In October 2007, my organisation (the Conflict Prevention and Peace Forum at the SSRC) paid for two British consultants to go to Dili to help the UN Integrated Mission in Timor-Leste (UNMIT) plan its security sector review. This was part of a project designed to help UN peacekeepers access ideas and people to produce better policy. In their first presentation, they put up an anonymous quote defining the desired end state for security:
A safer society where the citizens' rights and public tranquillity are preserved constitutes the primacy of democratic life.
The assembled UN mission officials were asked: did anyone recognise it? No hands were raised. Another paragraph was projected and once again nobody could even guess its origin, though everyone agreed it was a good definition of what Timor-Leste should be doing. With one more click, the source was revealed: Government of Timor-Leste IV Constitutional Government Programme 2007-2012. No one had read it even though it was released in English and Portuguese months beforehand as the National Congress for Timorese Reconstruction's (CNRT's) party manifesto.
It was available as a PDF, the ubiquitous format used for publishing documents online.
I recalled this workshop while reading coverage of Which World Bank Reports are Widely Read?, a study that found that nearly one-third of the PDFs on the Bank's website were never accessed. (The Bank's bestseller was Vietnam Development Report 2009: Capital Matters, with 2955 downloads). In era of overcrowded inboxes, getting busy people to do professional background reading is difficult. One of the two consultants mentioned earlier, Gordon Peake (a regular contributor to The Interpreter and author of Beloved Land) co-wrote an academic journal article called Their Reports are not Read and their Recommendations are Resisted: The Challenge for the Global Police Policy Community. (No need to pay US$39 for a PDF, it's free if you Google the title.)
After five years with an organisation that has published hundreds of PDF policy reports, I know first-hand the challenge of getting decision-makers to read detailed research papers with complex arguments, often in a language that is not their native tongue.
Writing the report is only the first step. The second, in a long process of advocating policy change, is making the report available as an online PDF. At some point, armed with a PDF printout, an advocate will try to make a case face-to-face.
In July 2010, Crisis Group published a landmark report on the political crisis in Bangkok. Bridging Thailand's Deep Divide was the first comprehensive international report on the violence of that year. When then Prime Minister Abhisit Vejjajiva's spin doctors traveled to Washington DC, they found the report had got there first, framing the understanding of this conflict in the US. This is when the PM's office called and we were asked to come to the Purple Room in Bangkok's Government House.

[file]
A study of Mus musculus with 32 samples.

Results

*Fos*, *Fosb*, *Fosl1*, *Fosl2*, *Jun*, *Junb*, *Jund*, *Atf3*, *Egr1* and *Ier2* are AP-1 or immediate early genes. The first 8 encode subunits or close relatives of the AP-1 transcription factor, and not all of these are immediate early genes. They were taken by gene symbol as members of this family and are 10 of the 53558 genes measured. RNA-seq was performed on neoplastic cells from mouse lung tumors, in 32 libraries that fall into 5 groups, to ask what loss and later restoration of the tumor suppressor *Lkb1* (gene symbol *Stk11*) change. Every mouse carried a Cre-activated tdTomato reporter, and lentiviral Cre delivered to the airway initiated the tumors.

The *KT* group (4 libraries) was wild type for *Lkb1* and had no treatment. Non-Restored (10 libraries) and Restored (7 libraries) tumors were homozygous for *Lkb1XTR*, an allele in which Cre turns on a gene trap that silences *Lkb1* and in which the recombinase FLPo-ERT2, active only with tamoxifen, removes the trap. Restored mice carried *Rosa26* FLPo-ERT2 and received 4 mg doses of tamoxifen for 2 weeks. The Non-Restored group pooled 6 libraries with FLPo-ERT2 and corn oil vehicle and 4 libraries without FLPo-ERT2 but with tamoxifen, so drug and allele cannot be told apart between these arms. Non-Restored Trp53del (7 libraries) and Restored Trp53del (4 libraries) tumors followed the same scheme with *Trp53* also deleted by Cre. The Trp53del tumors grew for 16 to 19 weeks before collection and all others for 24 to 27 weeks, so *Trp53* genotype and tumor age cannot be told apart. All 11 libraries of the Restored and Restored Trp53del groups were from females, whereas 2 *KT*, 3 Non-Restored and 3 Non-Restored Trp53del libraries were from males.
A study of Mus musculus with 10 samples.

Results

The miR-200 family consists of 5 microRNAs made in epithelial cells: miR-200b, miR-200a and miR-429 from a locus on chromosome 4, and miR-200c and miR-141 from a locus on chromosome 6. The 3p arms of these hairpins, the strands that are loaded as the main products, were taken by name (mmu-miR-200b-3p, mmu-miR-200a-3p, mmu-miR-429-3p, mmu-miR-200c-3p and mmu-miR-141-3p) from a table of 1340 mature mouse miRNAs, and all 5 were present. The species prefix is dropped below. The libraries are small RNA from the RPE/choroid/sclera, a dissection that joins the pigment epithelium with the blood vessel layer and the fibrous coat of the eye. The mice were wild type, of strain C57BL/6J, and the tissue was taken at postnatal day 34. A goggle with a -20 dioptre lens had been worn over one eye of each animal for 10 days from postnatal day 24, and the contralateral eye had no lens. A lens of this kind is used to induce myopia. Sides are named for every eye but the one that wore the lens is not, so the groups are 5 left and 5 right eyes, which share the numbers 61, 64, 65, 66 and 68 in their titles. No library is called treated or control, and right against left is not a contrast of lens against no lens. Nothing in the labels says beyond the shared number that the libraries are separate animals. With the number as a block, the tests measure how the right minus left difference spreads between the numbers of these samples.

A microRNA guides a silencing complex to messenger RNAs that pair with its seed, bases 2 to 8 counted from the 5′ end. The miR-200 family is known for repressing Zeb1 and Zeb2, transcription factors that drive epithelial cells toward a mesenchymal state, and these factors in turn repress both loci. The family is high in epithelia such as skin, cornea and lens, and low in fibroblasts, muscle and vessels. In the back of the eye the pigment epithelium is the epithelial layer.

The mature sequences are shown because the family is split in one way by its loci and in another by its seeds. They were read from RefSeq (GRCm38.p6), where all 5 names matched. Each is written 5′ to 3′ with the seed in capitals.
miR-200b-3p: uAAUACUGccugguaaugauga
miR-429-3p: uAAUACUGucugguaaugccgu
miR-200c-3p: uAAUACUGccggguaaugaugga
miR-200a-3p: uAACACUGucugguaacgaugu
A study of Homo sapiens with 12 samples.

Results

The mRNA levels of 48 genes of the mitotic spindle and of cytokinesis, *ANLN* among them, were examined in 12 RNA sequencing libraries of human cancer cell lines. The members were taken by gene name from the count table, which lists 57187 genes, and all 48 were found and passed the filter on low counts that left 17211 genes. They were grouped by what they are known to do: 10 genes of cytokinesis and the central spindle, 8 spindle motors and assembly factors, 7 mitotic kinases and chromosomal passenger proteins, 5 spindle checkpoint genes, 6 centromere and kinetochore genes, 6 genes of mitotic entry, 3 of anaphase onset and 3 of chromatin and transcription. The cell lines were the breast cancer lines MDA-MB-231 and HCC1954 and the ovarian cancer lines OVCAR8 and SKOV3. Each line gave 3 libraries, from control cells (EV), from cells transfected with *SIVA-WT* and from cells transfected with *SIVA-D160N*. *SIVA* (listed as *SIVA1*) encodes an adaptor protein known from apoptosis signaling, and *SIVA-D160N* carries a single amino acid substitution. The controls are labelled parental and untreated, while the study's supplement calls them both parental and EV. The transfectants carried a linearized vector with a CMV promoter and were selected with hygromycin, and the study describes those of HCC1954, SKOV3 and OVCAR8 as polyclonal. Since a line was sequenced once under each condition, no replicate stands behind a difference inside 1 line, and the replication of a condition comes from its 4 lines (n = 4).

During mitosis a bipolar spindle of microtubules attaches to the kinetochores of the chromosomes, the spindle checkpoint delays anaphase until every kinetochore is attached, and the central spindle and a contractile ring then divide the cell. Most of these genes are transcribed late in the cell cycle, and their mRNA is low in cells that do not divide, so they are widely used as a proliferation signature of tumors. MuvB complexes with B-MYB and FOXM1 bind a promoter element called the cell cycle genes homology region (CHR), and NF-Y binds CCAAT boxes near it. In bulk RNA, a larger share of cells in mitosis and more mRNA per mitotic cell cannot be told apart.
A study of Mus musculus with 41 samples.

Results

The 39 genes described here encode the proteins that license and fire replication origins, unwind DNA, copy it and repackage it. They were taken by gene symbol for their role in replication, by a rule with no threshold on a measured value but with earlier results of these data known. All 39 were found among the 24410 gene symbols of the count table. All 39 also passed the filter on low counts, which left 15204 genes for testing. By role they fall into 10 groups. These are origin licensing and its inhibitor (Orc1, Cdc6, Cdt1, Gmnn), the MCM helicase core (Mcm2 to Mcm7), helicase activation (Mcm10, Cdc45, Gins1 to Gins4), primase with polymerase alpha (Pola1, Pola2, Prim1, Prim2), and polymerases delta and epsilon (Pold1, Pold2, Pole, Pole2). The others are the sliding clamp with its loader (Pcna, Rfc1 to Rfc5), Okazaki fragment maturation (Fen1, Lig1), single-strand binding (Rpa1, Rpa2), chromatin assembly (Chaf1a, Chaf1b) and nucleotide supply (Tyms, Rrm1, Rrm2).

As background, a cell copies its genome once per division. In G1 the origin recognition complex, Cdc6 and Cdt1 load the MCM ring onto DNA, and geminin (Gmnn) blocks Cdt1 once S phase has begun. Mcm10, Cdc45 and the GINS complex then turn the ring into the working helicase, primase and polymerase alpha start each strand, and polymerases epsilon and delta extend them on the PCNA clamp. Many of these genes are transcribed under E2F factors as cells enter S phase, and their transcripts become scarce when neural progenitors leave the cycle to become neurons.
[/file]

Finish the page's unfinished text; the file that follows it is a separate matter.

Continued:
Arrayed against my Thai colleague and me that day was an intimidating debating team led by the Oxford-educated prime minister, supported by a cabinet minister, his spokesman, and a few director-generals — sixteen staff in all. The crowd put us on the defensive, until we realised that the criticisms the PM was making were not of our analysis but of foreign media dispatches. The prime minister's points became easier to rebut as it became clear that he had not read our carefully edited PDF and neither, apparently, had the person who wrote his talking points.
In March 2012, I made the case on The Interpreter for a new role for Australia in Myanmar to incoming Australian Foreign Minister Bob Carr. By that time, Crisis Group had been writing reports on the country for a decade, emailing them and posting them online. Aware that bureaucracy had long made the case for change, we thought we were adding weight to an existing argument; one Crisis Group had made around the world for some years. A few months later, Australia's policy did change to one of engagement along the lines we had been urging.
Did we have influence or make a contribution? We had no idea and no way to evaluate our impact. If Bob Carr's Diary of a Foreign Minister had a mention of Crisis Group's work on Myanmar, which Australia now calls Burma again, I missed it. But last year I serendipitously sat down for lunch at a function in an Asian capital next to an Australian diplomat. We had not met previously, but this official knew our work on Myanmar. I was told that before making the decision to re-engage, front office staffers had been asked to download and print all the Crisis Group PDFs on Myanmar (among other documents) for the minister to read.
In almost five years overseeing the publication of more than seventy PDFs as well as dozens of opinion pieces and blog posts, this is the only proof I have that someone of ministerial rank might have ever read one. He was only one reader, but a high value one. Proof, perhaps, that a PDF in the right hands can make a difference.